A review of Lana Del Rey’s ‘Honeymoon’
If there’s one thing to be said about Honeymoon, the third album from living, breathing Instagram post Lana Del Rey, it’s that she has her brand absolutely on lock.
In the world of carousel pop music where each new thing sounds the same as the one that preceded it, Del Rey is staggeringly self-assured.
The problem is, she’s so deep into her deal, so confident in her direction, that she can’t help but sound exactly like herself. On every. Single. Song. So ultimately is it a hit, or is it shit? We dissected the 14 track release to find out.
Del Rey’s self awareness. She knows what works for her, she knows what sounds good, and she sticks to it. Del Rey is clearly aware of the backlash and criticism to her music, and addresses it straight up in album opener ‘Honeymoon’ with the lyric “We both know it’s not fashionable to love me”. She also borrows from the legendary Nina Simone, with an on-the-nose cover of ‘Don’t Let Me Be Misunderstood’.
Even the album’s name of Honeymoon nails the vibe. Honeymoons are a dreamy haze; soft and slow, a fleetingly perfect moment in time. Del Rey’s game is creating nostalgia for the present, and she’s a seasoned pro.
Honeymoon sees us arrive at Peak Lana, so much so that at times you could be forgiven for thinking it’s a parody album. It’s ultimately too polished, too calculated, and too refined.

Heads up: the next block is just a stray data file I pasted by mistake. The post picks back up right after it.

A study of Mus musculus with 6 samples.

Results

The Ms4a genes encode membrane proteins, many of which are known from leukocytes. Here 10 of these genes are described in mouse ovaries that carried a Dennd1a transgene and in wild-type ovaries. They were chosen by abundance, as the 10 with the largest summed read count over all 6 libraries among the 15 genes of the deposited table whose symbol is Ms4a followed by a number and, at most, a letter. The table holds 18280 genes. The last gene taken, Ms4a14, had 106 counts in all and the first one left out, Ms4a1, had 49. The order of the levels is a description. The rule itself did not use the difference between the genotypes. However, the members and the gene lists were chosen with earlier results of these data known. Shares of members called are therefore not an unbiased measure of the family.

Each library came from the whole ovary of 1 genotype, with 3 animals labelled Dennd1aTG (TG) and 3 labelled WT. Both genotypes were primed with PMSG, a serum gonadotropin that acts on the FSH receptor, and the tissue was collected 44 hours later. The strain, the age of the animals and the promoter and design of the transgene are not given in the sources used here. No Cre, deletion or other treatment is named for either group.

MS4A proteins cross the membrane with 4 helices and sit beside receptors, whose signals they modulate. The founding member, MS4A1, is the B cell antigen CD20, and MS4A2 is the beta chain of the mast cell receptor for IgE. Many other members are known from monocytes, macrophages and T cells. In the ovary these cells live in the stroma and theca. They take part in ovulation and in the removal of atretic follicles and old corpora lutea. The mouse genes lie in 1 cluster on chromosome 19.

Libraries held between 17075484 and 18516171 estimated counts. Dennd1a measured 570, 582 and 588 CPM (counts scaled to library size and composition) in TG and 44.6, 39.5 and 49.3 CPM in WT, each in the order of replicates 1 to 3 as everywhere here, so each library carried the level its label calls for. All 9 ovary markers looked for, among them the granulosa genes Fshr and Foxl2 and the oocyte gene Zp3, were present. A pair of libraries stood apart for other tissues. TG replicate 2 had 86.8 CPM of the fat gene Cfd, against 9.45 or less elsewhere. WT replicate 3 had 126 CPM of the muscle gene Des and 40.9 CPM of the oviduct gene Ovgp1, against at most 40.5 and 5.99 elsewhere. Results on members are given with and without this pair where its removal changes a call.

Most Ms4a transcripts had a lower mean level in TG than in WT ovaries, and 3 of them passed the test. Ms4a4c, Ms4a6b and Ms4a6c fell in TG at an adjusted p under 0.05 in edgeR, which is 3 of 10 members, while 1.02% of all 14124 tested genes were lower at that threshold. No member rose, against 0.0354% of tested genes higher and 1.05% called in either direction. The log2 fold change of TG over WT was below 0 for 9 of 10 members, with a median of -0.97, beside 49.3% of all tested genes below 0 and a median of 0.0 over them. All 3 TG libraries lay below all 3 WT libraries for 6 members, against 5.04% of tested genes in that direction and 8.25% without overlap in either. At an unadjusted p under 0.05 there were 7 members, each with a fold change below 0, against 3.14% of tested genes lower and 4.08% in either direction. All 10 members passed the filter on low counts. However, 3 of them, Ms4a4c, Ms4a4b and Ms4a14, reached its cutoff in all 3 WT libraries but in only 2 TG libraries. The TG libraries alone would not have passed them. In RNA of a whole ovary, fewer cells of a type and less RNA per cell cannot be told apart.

The album is epically haunting, but simultaneously sleepy and sluggish.
A film noir for the ears, the early tracks build and lift like an old Hollywood film score, transporting you to in their world.
But as a whole, Honeymoon is unfortunately one-paced, and brings on fatigue after only a handful of spins.
Del Rey’s voice sounds the best it’s ever been. It’s a breathy, sultry sigh, and she’s fully in control of her greatest weapon. She’s long been touted as the Facebook generation’s Nancy Sinatra, and she continues to live up to the tag, showing what she can do without going over the top.
The rolling, wandering melodies of ‘Freak’ best highlight the otherwise untapped variety in her singing style.
‘God Knows I Tried’ and ‘Honeymoon’ are the two standout tracks from the album, with the stripped back, twangy guitar of ‘God Knows I Tried’ evoking the aforementioned Sinatra’s ‘Bang Bang’. The tune sounds like it would be right at home in the closing credits of a Tarantino Western, and is one of the few songs that doesn’t feel as though it’s overstaying its welcome.
The song ‘Honeymoon’ is a 1950’s drawl, a convertible car ride through the hills of Los Angeles, and tells you everything you need to know about Lana Del Rey in its opening minute.
The record, while grand and haunting, is also monotonous and repetitive in both its music and lyrics.
Second track ‘Music To Watch Boys To’ starts promisingly with understated soft flute, but is ultimately ruined by the continued refrain of “I like you a lot”, which grates after the first chorus. It’s symptomatic of the album. At first listen, it’s nice, after a second, it’s irksome.
‘Salvatore’ and ‘High By The Beach’ find themselves in the same boat, with non-sequitur, bordering-on-silly lyrics sanding off the edges of what could otherwise be sharp sounds. (See: “catch me if you can, working on my tan” and “la la la la la, soft ice cream”. Yep, for real.)
The tone of Honeymoon is incredibly even, but that’s no compliment – there’s a distinct lack of standout tracks; no songs that have you reaching for repeat.
While Honeymoon is romantically melancholic, it lacks spark or fizz, simply meandering through its 14 tracks.
Lana lovers will hook Honeymoon to their veins and spend the summer chasing the high of the first listen. Lana detractors who attempt a spin should prepare for solid eye rolling sesh.